Community, Government, Latest News, Morgantown Council

Butcher resigns from Rainbow House board

In posts to various social media outlets on Thursday, Brian Butcher announced he resigned from the Rainbow House board of directors on Monday, March 25, citing consistent threats being made against him and other board members as one of the main reasons. 

“I have come to this decision for many reasons, prioritization of the tasks I undertake on a volunteer basis and my needed level of involvement being chief amongst them,” he wrote in the post. 

The Dominion Post spoke with Butcher, who is also a Morgantown City Councilman, on Friday afternoon regarding some of the details influencing his resignation. 

“The biggest part of it was I felt like I was doing more harm to the project than good, simply by just being there,” he said, referencing what he said is a constant thread and narrative in the community that “because I’m on the board, I’m influencing decisions somehow with nonprofits or funders that I have no contact with.” 

He addressed the accusations in his post as well. 

“For clarities [sic] sake,” he wrote, “as most community members are well aware, I had no way of influencing the grant award process nor have I ever received any compensation whatsoever for any work I have done for the unhoused community including my volunteer work on this board of directors.” 

Butcher said after the announcement was made that the Bartlett House triage shelter would be closing due to lack of funding and Rainbow House had been awarded grant money, he began to receive anonymous threats on a “consistent, unrelenting” basis. 

“The homophobia and transphobia I have witnessed since the announced closure of the Bartlett triage shelter is disgusting, frightening and disappointing,” he stated in the post. “This hate in our community should not be tolerated but seems to be all too common now.” 

He told The Dominion Post, “For the first few days it was like 15-20 anonymous calls a day that I was getting, like blocked calls. When I would answer — I didn’t answer after a while — it was someone screaming homophobic slurs or just ‘F’ you. 

“People were saying they knew where I lived,” he said. 

Butcher said other board members have also received threats — even their children are facing harassment, with one board member’s child being told “Tell your mom she’s a b****.” 

Members of the board have even had people call threatening they know their car by the stickers on the back. 

Butcher said his presence on the board was “fueling false narratives perpetuated by vicious bad actors in our community.” For the safety of his family, the clients of the shelter and the rest of the board of directors, he felt he had to step down.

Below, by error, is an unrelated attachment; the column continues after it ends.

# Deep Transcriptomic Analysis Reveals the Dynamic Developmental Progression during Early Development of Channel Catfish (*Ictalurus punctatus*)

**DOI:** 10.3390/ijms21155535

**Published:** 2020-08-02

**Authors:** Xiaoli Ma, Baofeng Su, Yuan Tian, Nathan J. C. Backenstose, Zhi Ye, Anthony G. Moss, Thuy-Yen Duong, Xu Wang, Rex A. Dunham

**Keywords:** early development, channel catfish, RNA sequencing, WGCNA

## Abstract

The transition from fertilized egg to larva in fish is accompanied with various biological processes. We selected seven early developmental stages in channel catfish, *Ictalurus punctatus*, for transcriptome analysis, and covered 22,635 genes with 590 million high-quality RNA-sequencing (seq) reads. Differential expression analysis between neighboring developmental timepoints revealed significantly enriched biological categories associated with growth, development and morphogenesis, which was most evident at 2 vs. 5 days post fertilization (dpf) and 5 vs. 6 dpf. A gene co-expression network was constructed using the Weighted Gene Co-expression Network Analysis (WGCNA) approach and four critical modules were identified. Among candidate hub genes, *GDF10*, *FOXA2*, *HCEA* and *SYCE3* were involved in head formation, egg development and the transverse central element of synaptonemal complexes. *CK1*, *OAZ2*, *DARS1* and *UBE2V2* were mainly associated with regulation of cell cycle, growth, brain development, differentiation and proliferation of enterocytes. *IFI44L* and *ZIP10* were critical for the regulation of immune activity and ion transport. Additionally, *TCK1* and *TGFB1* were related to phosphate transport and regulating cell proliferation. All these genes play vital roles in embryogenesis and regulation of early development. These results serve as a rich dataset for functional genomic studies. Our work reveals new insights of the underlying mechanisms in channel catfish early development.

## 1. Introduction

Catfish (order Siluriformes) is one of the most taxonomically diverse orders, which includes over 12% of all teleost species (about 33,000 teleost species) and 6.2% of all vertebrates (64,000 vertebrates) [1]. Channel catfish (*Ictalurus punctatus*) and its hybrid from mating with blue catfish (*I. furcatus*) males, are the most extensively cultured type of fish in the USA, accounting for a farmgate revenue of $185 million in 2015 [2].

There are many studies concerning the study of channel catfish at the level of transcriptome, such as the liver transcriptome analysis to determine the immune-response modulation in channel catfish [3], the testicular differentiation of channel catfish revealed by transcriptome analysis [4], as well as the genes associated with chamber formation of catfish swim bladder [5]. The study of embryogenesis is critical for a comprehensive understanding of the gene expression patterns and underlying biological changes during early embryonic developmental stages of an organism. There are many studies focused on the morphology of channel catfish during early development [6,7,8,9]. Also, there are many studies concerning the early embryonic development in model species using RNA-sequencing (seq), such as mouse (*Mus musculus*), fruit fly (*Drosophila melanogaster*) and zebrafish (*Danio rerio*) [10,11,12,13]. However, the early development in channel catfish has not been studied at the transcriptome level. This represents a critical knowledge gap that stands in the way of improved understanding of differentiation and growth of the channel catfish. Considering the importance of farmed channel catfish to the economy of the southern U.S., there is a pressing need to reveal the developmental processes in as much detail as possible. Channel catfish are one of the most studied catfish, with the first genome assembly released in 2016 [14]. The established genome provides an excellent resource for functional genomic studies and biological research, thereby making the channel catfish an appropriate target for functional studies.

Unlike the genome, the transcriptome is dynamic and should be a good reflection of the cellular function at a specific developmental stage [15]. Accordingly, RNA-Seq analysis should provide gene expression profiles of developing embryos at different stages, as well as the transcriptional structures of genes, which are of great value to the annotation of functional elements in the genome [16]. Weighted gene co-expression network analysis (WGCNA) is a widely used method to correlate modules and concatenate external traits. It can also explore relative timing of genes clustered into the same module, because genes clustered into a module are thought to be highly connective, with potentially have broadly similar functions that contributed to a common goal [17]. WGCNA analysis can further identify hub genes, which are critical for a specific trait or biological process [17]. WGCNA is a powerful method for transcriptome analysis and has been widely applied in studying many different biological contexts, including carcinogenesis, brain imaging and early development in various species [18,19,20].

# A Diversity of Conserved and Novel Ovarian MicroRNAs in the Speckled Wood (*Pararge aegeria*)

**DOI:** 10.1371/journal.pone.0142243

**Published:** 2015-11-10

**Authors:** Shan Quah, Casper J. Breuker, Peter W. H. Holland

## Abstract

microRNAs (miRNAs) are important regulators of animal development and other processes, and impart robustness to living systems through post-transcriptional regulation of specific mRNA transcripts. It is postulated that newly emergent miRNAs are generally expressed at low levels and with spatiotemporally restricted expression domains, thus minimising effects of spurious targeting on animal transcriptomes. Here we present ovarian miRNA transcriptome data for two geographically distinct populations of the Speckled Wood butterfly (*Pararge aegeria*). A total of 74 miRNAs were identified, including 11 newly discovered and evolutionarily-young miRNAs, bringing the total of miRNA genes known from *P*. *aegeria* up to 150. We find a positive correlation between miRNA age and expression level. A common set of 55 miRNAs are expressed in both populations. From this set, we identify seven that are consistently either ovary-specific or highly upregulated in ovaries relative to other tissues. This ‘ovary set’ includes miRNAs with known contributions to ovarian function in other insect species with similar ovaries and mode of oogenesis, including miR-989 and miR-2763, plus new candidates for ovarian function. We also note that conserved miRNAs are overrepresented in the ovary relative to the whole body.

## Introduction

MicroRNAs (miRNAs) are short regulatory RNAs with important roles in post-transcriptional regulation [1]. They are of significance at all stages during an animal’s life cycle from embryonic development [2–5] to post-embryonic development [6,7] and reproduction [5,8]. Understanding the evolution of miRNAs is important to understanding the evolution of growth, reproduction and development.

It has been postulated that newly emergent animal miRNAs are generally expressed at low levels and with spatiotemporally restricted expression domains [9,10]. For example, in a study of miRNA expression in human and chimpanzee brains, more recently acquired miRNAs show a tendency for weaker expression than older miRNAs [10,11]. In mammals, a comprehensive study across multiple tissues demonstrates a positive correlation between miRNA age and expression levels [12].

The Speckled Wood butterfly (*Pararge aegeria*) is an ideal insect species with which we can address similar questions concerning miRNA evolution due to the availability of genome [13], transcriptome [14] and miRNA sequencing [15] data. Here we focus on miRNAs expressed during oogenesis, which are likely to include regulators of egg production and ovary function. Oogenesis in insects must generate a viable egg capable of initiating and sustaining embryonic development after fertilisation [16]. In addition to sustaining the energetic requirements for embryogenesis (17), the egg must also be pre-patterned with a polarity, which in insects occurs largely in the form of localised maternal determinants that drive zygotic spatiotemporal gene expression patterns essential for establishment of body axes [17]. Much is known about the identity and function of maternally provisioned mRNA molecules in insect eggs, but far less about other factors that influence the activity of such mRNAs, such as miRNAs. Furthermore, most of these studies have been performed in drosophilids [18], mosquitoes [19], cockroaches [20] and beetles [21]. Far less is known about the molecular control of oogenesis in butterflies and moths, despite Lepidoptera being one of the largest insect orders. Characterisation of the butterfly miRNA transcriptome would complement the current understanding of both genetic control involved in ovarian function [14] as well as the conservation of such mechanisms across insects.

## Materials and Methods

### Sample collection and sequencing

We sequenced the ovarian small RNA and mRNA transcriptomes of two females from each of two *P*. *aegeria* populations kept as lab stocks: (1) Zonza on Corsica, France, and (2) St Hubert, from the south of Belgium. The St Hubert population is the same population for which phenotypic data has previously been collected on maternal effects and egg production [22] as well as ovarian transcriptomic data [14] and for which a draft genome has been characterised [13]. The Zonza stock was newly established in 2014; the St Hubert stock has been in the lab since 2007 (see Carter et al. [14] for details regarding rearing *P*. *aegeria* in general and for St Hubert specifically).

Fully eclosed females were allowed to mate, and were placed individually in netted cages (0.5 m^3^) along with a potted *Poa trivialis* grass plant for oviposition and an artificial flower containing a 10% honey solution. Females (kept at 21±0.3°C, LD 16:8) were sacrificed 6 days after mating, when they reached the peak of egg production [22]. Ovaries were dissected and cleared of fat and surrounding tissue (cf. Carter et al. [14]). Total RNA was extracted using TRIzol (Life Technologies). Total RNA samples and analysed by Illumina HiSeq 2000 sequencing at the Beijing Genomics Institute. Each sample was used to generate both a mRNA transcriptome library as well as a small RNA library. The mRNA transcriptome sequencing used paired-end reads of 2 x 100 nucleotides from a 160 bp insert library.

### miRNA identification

“So, it just felt like it was really fueling the homophobia and transphobia unnecessarily, by me being on it (the board). It was a hard decision, but I just felt like my presence there was just causing more problems.” 

Project Rainbow, the nonprofit behind Rainbow House, also posted a lengthy statement regarding the current misconceptions and false narratives, as well as the harassment the board members have received. 

“The false narratives being created about our agency are not only hurtful to the shelter and organization but have transpired into direct threats to past and present members of our Board, threats to our clients, and threats on our facility,” the group stated, in part. “During a time that should have been a celebrated milestone for our agency, we were met with concerns for the safety of the guests in our facility as well as those working on the project.” 

Despite the negativity toward him currently, Butcher said he was glad he got to be a part of Rainbow House from the very beginning.  

“I am just endlessly happy and grateful that people wanted to come on this journey with me and allow me to be a part of it. I know that they will do great work and they’ll continue to do great work,” he said. 

The now-former board member said he would always be there for any kind of advice needed and feels encouraged by the collaboration seen recently at a case conferencing with Bartlett’s board of directors and other local agencies. 

“That was one of the most encouraging things I’ve seen in terms of community and service — provided collaboration; hopefully we can see better things ahead,” he said. 

Anyone with questions about Project Rainbow’s funding, their policies, or the agency as a whole, may reach out directly to  

Butcher concluded, “I want to thank the entire board of Project Rainbow for involving me in this work since the beginning; it has been my life’s privilege to see it come to fruition.”